Experimental Techniques of Cold Sintering

Most elemental powders and rapidly solidified alloys can be consolidated at ambient temperature to densities close to the theoretical (>95% TD) at the pressure of 3 GPa. With careful design, tool steel dies and punches can be used at this pressure for hundreds of cycles. Dies and punches made from CPM T15 high-speed steel have been used by the authors of the present article over the last 10 years. The T15 high-speed steel (12W-5V-5Cr-5Co-1.6C (wt%)), fabricated from the inert-gas-atomized powder by HIP, has a fine homogeneous structure and, as a result, a considerably higher strength than that of the ingot tool steel of the same composition (Ref 19). The high concentration of fine homogeneously dispersed carbides in the steel results in very good wear resistance. Some of the punches used for high pressure consolidation were prepared from the water-atomized T15 powder by cold sintering. Schematic of a pressure cell for cold sintering with punches, die walls, and punch supports made from high-speed tool steel is shown in Fig. 1. The inner and outer supporting rings are made of the high strength 4340 steel. Provided the alignment of the tooling is maintained, it is possible to use dies and punches made from CPM T15 steel up to ~3.5 GPa. The outer diameter of the die is usually only three times larger than the diameter of the part being consolidated (die opening). Typically, the compact is loaded to 2 GPa in a few seconds, further loading proceeding more slowly over the 10 to 15 s interval to achieve the pressure of 3 GPa. Pressures as high as 4.5 GPa are possible utilizing cemented carbide dies. These dies are more brittle, and high pressure consolidation of composite materials containing hard or super-hard particles often results in a failure of a cemented carbide die after several cycles.

Fig. 1 Schematic of a pressure die for cold sintering

Cylindrical dies with diameters ranging from 3 to 50 mm and rectangular dies with cross sections ranging from 2 by 18 to 40 by 42 mm have been used, the maximum size being limited mainly by the press capacity (Ref 3). Examples of dies and punches are shown in Fig. 2. A laboratory press with 5 MN capacity provides applied pressure (P) equal to 2.5 to 3 GPa for the largest dies. A large number of smaller size samples can be produced by placing each of them in a separate rigid cell (see Fig. 2b). Upscaling of the pressure die to an 88 by 88 mm opening has been done, and densities close to the theoretical have been obtained for aluminum, iron, and T15 high-speed steel employing a press with >25 MN capacity (Ref 4).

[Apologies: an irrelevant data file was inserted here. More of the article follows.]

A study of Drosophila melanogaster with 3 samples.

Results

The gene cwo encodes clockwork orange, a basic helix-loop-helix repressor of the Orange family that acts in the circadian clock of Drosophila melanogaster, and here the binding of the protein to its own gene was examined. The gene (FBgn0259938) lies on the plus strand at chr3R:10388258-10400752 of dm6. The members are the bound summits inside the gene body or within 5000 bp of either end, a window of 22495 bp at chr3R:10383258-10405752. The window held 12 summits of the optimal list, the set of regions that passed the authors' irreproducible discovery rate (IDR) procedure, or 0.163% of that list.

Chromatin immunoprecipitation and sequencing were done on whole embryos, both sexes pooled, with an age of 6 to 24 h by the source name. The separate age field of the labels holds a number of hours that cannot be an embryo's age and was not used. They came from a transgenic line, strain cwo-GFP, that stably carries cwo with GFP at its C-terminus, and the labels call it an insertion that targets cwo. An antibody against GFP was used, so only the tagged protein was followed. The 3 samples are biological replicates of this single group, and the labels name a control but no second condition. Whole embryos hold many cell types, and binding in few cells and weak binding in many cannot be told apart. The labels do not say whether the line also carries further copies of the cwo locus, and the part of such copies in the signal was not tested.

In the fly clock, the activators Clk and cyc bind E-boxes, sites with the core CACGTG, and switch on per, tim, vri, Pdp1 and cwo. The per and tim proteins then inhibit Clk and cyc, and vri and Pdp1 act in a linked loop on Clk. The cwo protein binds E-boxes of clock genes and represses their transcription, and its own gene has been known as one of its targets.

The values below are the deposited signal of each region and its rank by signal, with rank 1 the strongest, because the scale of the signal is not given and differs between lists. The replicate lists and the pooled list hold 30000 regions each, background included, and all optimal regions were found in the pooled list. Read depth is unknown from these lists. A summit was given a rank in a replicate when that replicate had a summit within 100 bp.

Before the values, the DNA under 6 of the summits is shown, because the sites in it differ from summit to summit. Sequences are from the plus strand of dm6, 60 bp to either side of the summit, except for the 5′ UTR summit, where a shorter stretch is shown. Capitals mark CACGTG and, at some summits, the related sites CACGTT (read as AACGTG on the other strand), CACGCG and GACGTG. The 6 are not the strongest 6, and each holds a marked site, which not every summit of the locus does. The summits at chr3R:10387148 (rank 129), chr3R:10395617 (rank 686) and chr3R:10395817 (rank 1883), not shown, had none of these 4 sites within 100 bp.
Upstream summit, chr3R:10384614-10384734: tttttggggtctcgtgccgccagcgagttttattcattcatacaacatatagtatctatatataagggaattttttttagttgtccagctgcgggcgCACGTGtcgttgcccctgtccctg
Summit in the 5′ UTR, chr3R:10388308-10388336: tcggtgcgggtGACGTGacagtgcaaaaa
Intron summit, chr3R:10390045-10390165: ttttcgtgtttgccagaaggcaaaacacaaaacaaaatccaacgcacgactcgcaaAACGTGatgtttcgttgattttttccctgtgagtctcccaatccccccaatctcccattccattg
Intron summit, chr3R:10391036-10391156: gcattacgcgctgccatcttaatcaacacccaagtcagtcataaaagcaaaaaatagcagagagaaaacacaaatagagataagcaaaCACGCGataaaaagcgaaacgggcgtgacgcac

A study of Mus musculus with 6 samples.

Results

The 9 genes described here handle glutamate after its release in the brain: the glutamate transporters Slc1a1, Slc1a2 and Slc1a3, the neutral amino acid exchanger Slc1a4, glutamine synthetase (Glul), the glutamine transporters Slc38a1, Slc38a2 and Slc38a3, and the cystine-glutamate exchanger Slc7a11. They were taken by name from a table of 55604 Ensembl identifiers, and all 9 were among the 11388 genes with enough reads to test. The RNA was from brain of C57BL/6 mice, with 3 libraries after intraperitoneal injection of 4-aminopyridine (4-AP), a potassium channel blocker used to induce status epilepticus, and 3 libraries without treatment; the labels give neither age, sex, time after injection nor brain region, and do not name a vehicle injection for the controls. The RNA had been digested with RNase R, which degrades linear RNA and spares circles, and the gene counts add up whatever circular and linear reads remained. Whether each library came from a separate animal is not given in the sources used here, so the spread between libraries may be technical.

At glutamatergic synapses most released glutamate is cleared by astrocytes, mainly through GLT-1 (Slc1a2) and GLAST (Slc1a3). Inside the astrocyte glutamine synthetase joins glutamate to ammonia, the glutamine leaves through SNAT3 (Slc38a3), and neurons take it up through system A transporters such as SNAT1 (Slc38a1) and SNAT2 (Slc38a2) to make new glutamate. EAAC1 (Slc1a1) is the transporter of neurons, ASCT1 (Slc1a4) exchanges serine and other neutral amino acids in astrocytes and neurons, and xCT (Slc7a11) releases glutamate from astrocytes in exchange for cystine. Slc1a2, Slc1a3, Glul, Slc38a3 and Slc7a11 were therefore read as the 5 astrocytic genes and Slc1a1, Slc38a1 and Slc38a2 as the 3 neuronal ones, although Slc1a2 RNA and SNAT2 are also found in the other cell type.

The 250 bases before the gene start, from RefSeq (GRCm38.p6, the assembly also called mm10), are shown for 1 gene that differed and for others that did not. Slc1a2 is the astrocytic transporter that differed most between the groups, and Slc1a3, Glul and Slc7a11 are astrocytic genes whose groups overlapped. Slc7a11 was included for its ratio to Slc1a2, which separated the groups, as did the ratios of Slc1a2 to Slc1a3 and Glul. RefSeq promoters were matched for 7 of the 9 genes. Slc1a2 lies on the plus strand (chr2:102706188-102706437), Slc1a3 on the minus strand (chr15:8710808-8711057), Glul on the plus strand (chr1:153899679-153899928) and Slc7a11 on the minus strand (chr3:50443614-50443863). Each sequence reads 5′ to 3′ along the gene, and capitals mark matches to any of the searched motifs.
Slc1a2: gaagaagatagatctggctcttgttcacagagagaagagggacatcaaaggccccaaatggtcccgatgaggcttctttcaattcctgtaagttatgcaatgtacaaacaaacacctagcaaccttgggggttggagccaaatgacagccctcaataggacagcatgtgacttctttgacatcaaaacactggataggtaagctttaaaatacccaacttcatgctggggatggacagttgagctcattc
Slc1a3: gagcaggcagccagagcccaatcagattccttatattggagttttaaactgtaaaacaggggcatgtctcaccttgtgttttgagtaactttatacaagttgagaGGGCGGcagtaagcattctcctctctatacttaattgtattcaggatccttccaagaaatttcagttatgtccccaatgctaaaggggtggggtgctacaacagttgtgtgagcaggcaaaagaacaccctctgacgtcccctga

Fig. 2 Examples of dies and punches for cold sintering

For some prealloyed, rapidly solidified, or mechanically alloyed powders, consolidation at ambient temperature and at P = 3 GPa results in densities 96 to 97% TD. Even lower densities have been obtained for some amorphous and microcrystalline rapidly solidified powders. For such powders, densities close to the theoretical can only be obtained by high pressure consolidation at temperatures above the ambient (warm consolidation). Thus, densities >99% TD were achieved at T = 450 °C and P = 3 GPa for amorphous powders (Allied Signal) and microcrystalline powders (Marco) with compositions corresponding to iron- and nickel-base wear-resistant alloys and high-speed steels (Ref 3). For some highly alloyed, rapidly solidified alloys, such as high-speed steels, stainless steels, and superalloys, consolidation at T = 400 °C and P = 3 GPa resulted in densities close to the theoretical and good bonding integrity of the powder particles. In many cases, annealing followed by repressing at P = 3 GPa provides consolidation to full density. At the pressure of 3 GPa, high-speed T15 steel pressure dies can be used at temperatures S450 to 500 °C.

Densities >96% TD were obtained by warm consolidation of amorphous ribbons of Fe-B-Si and Fe-B-Si-C alloys at 0.78 GPa and 2 GPa, respectively, at a temperature of 350 to 380 °C, which is below the glass transition temperature (Ref 20).